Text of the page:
Calm Clam: Aggressive police enforcement keeps lid on student beach bash
By Andrew Brophy
Police on Monday released the breakdown of charges filed during Saturday's Clam Jam, the annual pre-graduation beach party organized by Fairfield University students, with far fewer arrested than in some years past.
The event, because of morning rain and a court injunction restricting the crowd's size and access to the Lantern Point party setting, unfolded with relatively few of the disruptions and arrests that marred some Clam Jams in years past.
Capt. Josh Zabin said two people were issued infractions for creating a public disturbance, five received infractions for having an open container of alcohol, two were cited for possession of alcohol by a minor, three were cited for simple trespass, three were charged with criminal trespass and three were charged with breach of peace.
Four vehicles were towed during the course of the event.
There were only four arrests with people taken into custody during the course of this year's party. In 2010, for instance, there were 26 arrests at the party, and in 2011, 36 people got arrested.
- George Daniolos, 24, of Astoria Lane in Shelton, was charged with breach of peace and interfering with an officer. Daniolos refused to obey an officer's command to leave a large party at Lantern Point, a complex of beach rental houses by the corner of Fairfield Beach and Reef roads, and engaged in "tumultuous behavior," according to the report.
Police said Daniolos was blocking a small "choke point" where other party-goers were trying to leave and that he yelled at officers who told him to move and raised his fist in the air at an officer. He was arrested about 4:22 p.m. Saturday and was released after posting $500 bond. He was scheduled to appear May 7 in Bridgeport Superior Court.
- Edward Nilan, 20, of Chatham Avenue in Milford, was charged with interfering with an officer and breach of peace after he allegedly punched a horse used by a mounted patrol unit of the Bridgeport police. According to the report, Nilan contended that he was petting the horse, though Bridgeport officers said they saw him hit the horse with a closed fist. Nilan said he intervened when officers were trying to clear a large party at Lund Court because a horse had stepped on a woman's foot and he didn't think anyone was assisting her, according to the report. The horse that Nilan punched was not the horse that stepped on the girl's foot when she refused to move, police said, adding that Nilan hit the horse several minutes after her foot was stepped on. The horse wasn't injured, police said. Nilan, arrested about 4:30 p.m. Saturday, was released on a promise to appear May 14 in Bridgeport Superior Court.
- Robert J. Orlando, 21, of Milton, Mass., was charged with second-degree breach of peace, first-degree criminal trespass and interfering with police after he refused to leave a large party at Lantern Point on Saturday afternoon. Police said private security at Lantern Point asked Orlando to leave because he was trespassing and that Orlando shouted profanities. Police then took hold of Orlando to remove him for trespassing and he "loudly protested" his arrest and continued to yell profanities on the way to the police department. Orlando was released on a promise to appear May 8 at Bridgeport Superior Court and was then taken to the Emergency Department at Bridgeport Hospital due to "extreme intoxication," according to police.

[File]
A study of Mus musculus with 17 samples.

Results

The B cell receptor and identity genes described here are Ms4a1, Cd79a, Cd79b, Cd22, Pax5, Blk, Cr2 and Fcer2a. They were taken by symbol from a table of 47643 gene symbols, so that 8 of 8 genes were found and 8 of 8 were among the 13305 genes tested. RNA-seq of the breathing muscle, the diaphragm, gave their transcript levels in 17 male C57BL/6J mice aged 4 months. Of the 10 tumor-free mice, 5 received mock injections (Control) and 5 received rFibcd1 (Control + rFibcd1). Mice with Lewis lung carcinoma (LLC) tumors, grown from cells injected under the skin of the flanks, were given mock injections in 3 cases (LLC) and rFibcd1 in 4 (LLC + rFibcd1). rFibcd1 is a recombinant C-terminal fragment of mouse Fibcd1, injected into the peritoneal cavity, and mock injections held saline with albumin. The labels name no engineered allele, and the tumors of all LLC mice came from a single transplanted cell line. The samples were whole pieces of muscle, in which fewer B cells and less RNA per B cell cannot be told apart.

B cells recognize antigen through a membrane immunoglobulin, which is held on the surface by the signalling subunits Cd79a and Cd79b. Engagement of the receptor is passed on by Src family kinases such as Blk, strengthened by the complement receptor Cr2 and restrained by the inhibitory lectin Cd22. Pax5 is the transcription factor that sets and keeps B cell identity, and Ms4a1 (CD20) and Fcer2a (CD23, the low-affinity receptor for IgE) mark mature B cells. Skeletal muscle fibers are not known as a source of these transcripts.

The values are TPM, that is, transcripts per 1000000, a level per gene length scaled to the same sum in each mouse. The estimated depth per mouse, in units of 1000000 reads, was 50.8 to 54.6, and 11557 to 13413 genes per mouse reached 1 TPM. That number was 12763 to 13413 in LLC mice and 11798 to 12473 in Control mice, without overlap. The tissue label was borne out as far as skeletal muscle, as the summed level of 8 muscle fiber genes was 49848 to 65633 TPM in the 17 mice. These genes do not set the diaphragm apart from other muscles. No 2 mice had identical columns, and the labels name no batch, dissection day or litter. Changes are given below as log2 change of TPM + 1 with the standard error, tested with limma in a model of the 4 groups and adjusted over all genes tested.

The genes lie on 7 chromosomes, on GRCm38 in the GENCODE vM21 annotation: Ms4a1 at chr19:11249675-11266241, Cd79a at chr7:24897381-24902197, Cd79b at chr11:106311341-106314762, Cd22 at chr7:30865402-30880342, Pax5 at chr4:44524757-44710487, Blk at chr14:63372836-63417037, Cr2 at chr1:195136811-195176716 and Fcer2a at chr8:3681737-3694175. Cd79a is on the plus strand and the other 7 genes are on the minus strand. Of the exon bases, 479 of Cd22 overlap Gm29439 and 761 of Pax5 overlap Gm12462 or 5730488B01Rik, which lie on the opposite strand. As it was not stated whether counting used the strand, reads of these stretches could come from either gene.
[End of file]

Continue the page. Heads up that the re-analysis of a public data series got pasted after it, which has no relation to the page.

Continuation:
- Shane Sullivan, 19, of Chelmsford, Mass., was charged with second-degree criminal trespass, interfering with an officer and possession of a counterfeit ID after he entered private property at Lantern Point and walked away from an officer who asked him to leave. Police said he had a fake Rhode Island driver's license on him. He was arrested about 11:32 a.m. Saturday and was released after posting $250 bond, police said. He was scheduled to appear May 7 in Bridgeport Superior Court, police said.
"We had a very strong police presence early on," Zabin said. He said 13 officers from neighboring agencies assisted Fairfield police under a mutual-aid agreement and that the police presence "sent a strong message as of 8 a.m. that Lantern Point was limited to guests and residents only, resulting in many individuals being turned away."
"The rain hampered some of the crowds, but definitely not all of them, and as the sun began to come out, neighboring residences began to host parties of their own, which we addressed by having a strong police presence and dispersing crowds at owners' request," Zabin said.
Zabin said the mutual aid and two DWI checkpoints were not funded by local taxpayers. He said the checkpoints were paid for by a federal grant.
"I'd like to thank the men and women of the Fairfield Police Department along with our neighboring agencies for their firm stand in addressing disorderly behavior in the Fairfield Beach Road neighborhood, and I'd also like to applaud them for their professionalism throughout the day, especially at times when there were some tense and uncertain situations they had to handle," Zabin added.